Thin Provisioning and SQL Server

22 Jul

Thin provisioning is a broad topic that covers a style of allocating resources. That style is to allocate a small amount of actual resources to start and only reserve more resources as actual growth occurs. It is quite a popular topic in virtualization and SAN storage. One thing that came to mind as I read the VMWare storage guide about thin provisioning is SQL Server’s auto-grow feature.

Thin provisioning is a Ponzi scheme. If at any given moment all of the databases or VMs want all of the space they asked for, there won’t be enough actual resources to go around. But, as long as we have a large pool of “investors”, the growth will be predictable enough that we can accommodate all of our VMs and databases.

I’ve read best practices that strongly advise not to use the auto-grow feature. Pre-size the data and log file to make all the gremlins inside SQL happy. Even Microsoft recommends pre-sizing data and log files and only to use auto-grow in case of emergency.

With all these warnings, one might jump on the thick provisioning bandwagon. I’m not sure how much of these SQL warnings translate to VMs and SANs. If you don’t thick provision with accuracy, you are left with a giant mess of unused resources.

Thick provisioning. I’m not a fan. It requires math and a crystal ball. It’s hard to un-do thick provisioning that was poorly executed. How do you fix a database that is too small? Make it bigger, which can happen in an instant. How do you fix a database that is too big? Attempt some fragmenting shrink command that takes forever or attempt to import and export into a properly provisioned file.

It takes real expertise to translate how much space users really need. It’s not even really expertise, but more experience with the people who ask for space. Thick provisioning is a game that you will loose more than win. That is why I like to thin provision my databases. I suspect as a storage and virtualization admin I will consider thin provisioning my storage at those layers as well.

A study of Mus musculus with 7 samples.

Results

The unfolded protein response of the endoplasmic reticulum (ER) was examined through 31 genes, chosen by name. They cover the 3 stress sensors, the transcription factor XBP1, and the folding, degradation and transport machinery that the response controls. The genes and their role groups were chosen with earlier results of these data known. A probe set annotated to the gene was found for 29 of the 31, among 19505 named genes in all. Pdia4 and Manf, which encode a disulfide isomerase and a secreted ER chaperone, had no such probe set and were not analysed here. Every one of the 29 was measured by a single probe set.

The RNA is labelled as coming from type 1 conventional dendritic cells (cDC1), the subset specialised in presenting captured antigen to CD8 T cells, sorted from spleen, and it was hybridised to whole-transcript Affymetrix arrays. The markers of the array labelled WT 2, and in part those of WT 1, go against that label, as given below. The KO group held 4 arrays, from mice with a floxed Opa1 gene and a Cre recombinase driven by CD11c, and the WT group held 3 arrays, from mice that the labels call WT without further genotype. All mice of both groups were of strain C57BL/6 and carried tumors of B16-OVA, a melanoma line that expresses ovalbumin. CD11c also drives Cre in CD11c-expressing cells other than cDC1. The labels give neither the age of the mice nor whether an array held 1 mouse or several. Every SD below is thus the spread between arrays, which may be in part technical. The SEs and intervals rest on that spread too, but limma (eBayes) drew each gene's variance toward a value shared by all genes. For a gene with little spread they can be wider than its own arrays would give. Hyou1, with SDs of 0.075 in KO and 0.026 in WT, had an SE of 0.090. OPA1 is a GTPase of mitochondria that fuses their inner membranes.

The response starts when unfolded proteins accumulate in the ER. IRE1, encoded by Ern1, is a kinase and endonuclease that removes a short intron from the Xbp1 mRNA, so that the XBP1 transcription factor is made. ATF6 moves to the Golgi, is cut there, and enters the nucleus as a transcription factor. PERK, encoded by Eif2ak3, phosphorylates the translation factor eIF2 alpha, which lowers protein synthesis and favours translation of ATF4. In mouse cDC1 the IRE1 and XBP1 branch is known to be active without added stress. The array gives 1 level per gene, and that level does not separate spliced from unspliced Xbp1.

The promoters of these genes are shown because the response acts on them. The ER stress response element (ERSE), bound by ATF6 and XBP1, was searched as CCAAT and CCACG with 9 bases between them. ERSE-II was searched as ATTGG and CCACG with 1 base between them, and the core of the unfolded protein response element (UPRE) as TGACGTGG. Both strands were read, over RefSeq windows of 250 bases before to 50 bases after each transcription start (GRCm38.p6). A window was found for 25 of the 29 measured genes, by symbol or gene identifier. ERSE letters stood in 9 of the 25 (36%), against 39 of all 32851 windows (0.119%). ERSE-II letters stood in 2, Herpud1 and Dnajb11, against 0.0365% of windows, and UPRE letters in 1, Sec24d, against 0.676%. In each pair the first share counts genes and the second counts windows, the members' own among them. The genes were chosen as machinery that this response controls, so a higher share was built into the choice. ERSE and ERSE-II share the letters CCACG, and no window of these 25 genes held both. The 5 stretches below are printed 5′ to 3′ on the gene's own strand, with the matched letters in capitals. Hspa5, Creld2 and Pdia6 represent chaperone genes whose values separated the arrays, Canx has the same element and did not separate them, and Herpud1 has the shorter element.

But maybe thin provisioning at all layers in unnecessary. Consider the following thick provisioned setup.

1 TB SAN LUN (Black)
1 TB VMWare datastore (Yellow)
1 TB Virtual Machine (Green)
39 GB C: Drive (Blue)
25 GB D: Drive (Blue)
750 GB E: Drive (Blue)
200 GB F: Drive (Blue)
Database Files (Red)


Thick provisioned, we use 1 TB of SAN storage on day one until the datastore is deleted. If that estimate of 1TB was just a shot in the dark and your database ended up only 100GB before you needed to upgrade the OS/SQL/Storage etc… you basically just wasted thousands of SAN dollars.

The options we have for thin provisioning are at the SAN level, VM level, at the drive level and at the database level (aka auto-grow). If we thin provision at the san level only we could potentially save zero space. Since the VM is built and the .vmdk files are pre-sized, the SAN may consider this space used. Just like a .mdf file, .vmdk files can be thick provisioned instantly(lazy) which doesn’t zero out the file, or slowly(eager) which does zero out the file. Unless you have some magical feature, the SAN will consider this used up and there will be no chance for savings if we don’t actually use the space.

If we thin provision the VMDK files there is some chance for savings. Almost all of the blue and green will be gone and we can fit a whole bunch more VMs in the yellow datastore.

If we thick provision the VMDK files with a lazy zero and thin provision the SAN LUN it may be able to reclaim the empty space inside of vmdk files. I’m not quite sure how well this works but will have to test it out. I’m guessing a quick format in Windows and instant file initialization in SQL Server could have some bearing on how much space we save.

With a few VMs, thin provisioning isn’t needed because we can spend the time to more accurately predict growth. Also, the pool is too small to predict growth on the fly. With a few thousand VMs, thin provisioning makes a lot of sense. That will make the growth curve steady enough for you to predict when more storage is needed.